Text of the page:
The Advisor Institute: Coach's Corner
Team wellness: A practice, not a destination

Practical messages intended to help you elevate the success of your practice.


      Having spent a fair amount of our careers working with financial advisory teams — with an emphasis on team leaders — and coaching them to be the best teams they can be, Noah Blumenthal, an executive coach and best-selling author of "Be the Hero," and I believe that team wellness is actually a practice, not a destination.

      David: "Noah, can you expand upon the thought that team wellness is actually a practice, not a destination?"

      Noah: "Too often, we get really good ideas that we latch on to, we take some kind of action and it feels terrific, but then we get caught up in the rest of our lives, and these things go by the wayside. Having an effective team, a good team, a 'well team' is not something that you achieve and you can check the box and never have to put any effort into it again."

      "In the same way we would never exercise to get to a point of fitness and say, 'Well, now I'm fit so I guess I can just sit on the couch for the rest of my life.' In the same way, the behaviors and cultural standards that you want to maintain as a team are things that require ongoing efforts. It's a practice to continue with and do so with intentionality."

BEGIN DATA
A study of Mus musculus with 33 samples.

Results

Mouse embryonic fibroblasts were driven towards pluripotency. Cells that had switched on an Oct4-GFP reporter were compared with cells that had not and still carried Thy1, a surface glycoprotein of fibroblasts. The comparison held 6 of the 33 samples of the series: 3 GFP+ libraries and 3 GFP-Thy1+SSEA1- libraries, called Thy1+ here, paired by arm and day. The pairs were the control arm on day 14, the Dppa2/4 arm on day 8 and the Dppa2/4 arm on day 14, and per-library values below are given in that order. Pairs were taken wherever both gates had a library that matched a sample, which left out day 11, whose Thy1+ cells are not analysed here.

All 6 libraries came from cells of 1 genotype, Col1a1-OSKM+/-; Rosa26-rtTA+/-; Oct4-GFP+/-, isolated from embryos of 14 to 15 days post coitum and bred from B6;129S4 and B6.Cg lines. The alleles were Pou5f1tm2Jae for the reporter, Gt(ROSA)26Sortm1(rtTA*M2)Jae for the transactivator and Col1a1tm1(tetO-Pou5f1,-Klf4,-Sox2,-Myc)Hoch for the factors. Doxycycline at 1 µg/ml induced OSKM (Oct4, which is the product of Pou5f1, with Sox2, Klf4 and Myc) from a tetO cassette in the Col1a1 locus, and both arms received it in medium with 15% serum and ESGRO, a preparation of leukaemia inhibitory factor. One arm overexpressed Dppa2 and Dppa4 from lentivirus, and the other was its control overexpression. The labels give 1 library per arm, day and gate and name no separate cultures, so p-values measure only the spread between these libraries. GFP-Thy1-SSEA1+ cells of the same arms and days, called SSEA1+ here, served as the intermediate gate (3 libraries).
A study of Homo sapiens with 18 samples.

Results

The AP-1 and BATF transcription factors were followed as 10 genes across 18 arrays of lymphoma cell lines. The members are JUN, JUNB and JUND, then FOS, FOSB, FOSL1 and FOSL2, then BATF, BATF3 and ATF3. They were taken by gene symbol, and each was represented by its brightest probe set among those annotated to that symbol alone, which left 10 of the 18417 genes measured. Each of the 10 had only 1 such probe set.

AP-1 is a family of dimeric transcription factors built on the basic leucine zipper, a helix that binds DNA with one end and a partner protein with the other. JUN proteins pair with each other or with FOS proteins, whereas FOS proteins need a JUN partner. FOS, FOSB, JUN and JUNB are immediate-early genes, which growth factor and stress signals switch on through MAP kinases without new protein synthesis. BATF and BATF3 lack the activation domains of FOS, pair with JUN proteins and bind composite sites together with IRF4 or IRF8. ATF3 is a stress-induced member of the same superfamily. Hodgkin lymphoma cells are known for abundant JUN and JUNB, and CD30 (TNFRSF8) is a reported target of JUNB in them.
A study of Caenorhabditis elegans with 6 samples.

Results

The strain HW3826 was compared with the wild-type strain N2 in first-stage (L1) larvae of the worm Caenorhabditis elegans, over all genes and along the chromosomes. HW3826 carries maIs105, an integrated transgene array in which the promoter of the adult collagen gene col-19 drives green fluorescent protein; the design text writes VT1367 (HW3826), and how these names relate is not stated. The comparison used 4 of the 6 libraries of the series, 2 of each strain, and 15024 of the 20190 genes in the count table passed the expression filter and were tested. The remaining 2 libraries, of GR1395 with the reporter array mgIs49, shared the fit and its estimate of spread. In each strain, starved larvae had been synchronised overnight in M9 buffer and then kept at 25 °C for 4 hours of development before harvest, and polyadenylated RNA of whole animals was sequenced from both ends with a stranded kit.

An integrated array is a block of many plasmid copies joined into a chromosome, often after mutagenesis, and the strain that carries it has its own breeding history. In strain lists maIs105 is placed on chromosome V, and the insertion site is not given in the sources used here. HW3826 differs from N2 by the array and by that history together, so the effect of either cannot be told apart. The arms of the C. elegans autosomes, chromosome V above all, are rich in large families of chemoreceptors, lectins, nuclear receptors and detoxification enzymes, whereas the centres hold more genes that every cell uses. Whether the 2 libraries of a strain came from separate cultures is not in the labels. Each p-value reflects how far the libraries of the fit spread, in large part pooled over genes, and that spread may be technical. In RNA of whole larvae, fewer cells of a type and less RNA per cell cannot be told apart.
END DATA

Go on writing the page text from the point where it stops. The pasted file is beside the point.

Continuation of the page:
David: "I love that. If you can adapt the practice of team wellness into your day-to-day rituals, it could be as simple as asking yourself and your team at the end of each day: 'How did I/we do?'"

      Noah: "We may not stop to reflect as often as would be valuable to figure out how can we improve, but when you are in a pressure cooker moment, which we are right now, there is no better time to see where the fissures are and also where the strengths are. So, stop and sit down with your team to ask:

      1. 'Where are the cracks in what we are doing?'
      2. 'Where are the strengths in what we are doing?'
      3. 'What else has this pressure cooker highlighted about us as a team?'"

      Bottom line: Team wellness takes a little discipline, but it is well worth it to become more introspective on a real-time basis to see how your team can learn from the challenges of what is going on right now.